A new report shows mid- and late-career teacher base salaries are so “painfully” low, many full-time teachers qualify for federal assistance.
The average base salary for Colorado teachers with a bachelor’s degree and 10 years of experience is $36,700, according the report from the Center for American Progress, a research organization.
The national average salary is $44,900. Salaries range from a low of $35,200 in Missouri and Montana and a high of $67,700 in Rhode Island. The figures don’t include pension contributions and haven’t been adjusted for cost of living.
Map: Mid-career teacher salaries in the U.S.
The report found Colorado teachers with a graduate degree and 10 years of experience make less than a trucker. In fact, those same teachers who are the family’s breadwinners qualify for seven federal assistant programs designed for low-income families, such as the School Breakfast and Lunch program.
“That’s not really the type of incomes that are going to attract the best and brightest into the profession,” said research fellow Ulrich Boser.
One in five Colorado teachers take a job outside of teaching to make ends meet – one of the highest rates in the country. In 11 states, more than 20 percent of teachers rely on the financial support of a second job.
“That could be anything from coaching, waitressing, selling Amway projects,” Boser said.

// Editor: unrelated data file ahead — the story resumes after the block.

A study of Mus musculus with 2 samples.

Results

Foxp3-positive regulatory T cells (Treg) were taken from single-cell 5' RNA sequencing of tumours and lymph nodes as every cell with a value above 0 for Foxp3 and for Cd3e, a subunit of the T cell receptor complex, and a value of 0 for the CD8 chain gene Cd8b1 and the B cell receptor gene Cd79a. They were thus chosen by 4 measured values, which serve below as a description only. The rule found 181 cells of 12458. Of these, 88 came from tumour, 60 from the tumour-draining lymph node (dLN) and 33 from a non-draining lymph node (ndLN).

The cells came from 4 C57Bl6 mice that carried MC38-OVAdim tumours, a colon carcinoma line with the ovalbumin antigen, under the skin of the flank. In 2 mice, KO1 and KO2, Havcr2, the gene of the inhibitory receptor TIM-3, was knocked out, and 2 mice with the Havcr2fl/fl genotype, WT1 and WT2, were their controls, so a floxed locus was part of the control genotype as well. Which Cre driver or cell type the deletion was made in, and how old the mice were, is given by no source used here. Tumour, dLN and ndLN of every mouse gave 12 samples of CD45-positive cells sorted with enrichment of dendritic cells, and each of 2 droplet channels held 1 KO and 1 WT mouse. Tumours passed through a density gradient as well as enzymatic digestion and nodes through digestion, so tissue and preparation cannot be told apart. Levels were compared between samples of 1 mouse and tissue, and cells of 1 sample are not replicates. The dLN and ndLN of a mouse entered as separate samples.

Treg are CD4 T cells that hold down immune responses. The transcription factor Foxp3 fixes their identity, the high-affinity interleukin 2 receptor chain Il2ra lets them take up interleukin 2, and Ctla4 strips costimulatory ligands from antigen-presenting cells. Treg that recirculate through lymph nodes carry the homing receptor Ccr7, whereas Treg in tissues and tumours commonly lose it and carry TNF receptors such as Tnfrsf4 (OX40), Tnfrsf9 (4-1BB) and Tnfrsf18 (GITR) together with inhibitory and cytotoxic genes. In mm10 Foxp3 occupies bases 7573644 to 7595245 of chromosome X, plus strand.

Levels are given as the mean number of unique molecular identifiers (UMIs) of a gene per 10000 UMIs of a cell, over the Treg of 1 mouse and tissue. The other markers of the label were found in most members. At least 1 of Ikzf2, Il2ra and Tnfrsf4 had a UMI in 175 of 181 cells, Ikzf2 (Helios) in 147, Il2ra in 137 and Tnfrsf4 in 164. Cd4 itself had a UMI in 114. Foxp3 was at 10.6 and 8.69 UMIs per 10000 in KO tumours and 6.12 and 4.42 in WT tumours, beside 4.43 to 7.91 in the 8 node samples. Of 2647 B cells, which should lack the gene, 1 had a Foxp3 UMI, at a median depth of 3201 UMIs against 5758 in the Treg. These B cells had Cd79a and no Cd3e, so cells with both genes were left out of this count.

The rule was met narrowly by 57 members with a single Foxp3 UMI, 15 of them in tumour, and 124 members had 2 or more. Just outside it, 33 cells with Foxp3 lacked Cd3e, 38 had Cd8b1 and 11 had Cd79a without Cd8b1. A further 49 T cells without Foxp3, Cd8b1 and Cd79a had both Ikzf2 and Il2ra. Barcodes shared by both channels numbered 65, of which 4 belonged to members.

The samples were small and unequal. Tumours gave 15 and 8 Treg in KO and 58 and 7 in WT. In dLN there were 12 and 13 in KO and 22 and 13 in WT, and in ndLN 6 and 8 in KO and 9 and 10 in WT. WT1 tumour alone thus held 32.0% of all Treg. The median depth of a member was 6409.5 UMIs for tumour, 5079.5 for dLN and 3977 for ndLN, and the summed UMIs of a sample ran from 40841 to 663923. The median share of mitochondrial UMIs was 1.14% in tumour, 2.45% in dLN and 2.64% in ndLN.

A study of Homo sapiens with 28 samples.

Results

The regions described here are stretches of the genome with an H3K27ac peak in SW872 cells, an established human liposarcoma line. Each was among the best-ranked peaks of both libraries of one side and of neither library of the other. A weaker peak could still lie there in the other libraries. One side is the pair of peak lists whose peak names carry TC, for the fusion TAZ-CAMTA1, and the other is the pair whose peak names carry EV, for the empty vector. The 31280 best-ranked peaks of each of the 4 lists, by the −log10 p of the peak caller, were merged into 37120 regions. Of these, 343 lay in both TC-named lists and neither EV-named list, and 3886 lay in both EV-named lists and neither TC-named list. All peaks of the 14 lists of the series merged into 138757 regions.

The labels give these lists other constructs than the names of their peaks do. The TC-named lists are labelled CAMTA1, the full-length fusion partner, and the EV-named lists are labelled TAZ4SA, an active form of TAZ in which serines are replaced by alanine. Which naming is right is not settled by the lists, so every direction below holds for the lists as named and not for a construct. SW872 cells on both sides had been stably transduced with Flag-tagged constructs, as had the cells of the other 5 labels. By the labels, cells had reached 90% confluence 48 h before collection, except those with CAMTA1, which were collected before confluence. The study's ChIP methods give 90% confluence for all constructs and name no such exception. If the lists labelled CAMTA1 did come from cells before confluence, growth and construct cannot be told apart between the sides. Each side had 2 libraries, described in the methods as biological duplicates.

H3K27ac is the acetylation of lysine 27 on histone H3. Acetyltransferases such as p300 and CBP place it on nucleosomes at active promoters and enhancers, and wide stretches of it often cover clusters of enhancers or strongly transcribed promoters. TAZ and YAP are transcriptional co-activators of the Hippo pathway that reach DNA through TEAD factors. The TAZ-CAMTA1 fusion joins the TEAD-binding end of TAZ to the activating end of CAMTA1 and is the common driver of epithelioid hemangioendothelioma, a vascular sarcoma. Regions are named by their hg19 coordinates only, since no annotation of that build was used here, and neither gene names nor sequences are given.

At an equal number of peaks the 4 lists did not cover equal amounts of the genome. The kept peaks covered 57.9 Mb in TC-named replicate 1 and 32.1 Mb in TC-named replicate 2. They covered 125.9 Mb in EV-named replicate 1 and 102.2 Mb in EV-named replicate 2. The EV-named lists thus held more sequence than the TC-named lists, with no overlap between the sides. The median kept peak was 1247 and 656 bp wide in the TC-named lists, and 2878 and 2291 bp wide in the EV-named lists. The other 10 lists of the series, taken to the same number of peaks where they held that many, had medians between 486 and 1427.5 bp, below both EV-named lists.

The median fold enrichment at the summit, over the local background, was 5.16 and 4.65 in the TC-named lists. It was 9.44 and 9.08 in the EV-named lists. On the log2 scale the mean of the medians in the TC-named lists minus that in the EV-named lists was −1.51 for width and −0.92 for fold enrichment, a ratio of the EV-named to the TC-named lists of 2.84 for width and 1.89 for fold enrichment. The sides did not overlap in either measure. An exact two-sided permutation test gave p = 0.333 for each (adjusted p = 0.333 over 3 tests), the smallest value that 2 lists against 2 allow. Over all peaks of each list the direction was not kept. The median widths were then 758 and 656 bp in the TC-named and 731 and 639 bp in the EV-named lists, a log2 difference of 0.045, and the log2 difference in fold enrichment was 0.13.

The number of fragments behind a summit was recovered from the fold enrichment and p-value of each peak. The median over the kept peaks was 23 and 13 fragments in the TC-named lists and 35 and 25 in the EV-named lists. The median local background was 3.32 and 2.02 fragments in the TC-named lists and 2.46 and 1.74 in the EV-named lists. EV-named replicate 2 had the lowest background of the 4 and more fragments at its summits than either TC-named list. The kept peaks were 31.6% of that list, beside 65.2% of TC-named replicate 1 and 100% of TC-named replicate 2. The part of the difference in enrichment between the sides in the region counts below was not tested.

The report found that mid- and late-career teachers don’t have much of an opportunity to grow their salaries. Nationally, the average starting salary for an elementary school teacher is $37,595. By mid-career, that teacher’s pay is $46,130 – growing on average 25 percent.
That lags behind other countries in the Organisation for Economic Co-operation and Development (OECD). On average, salaries increase by 32 percent over the first 15 years of teaching.
The report notes that in Canada, teachers’ average salary start at slightly less than in the U.S. But they quickly move up, with the average mid-career Canadian teacher earning $56,349 per year—about $10,000 more than his or her American counterpart.
The report says there is good news in the U.S. It details some places -- including the District of Columbia; Portland, Maine; and Baltimore, Maryland -- that have implemented innovative compensation systems to keep teachers in the classroom.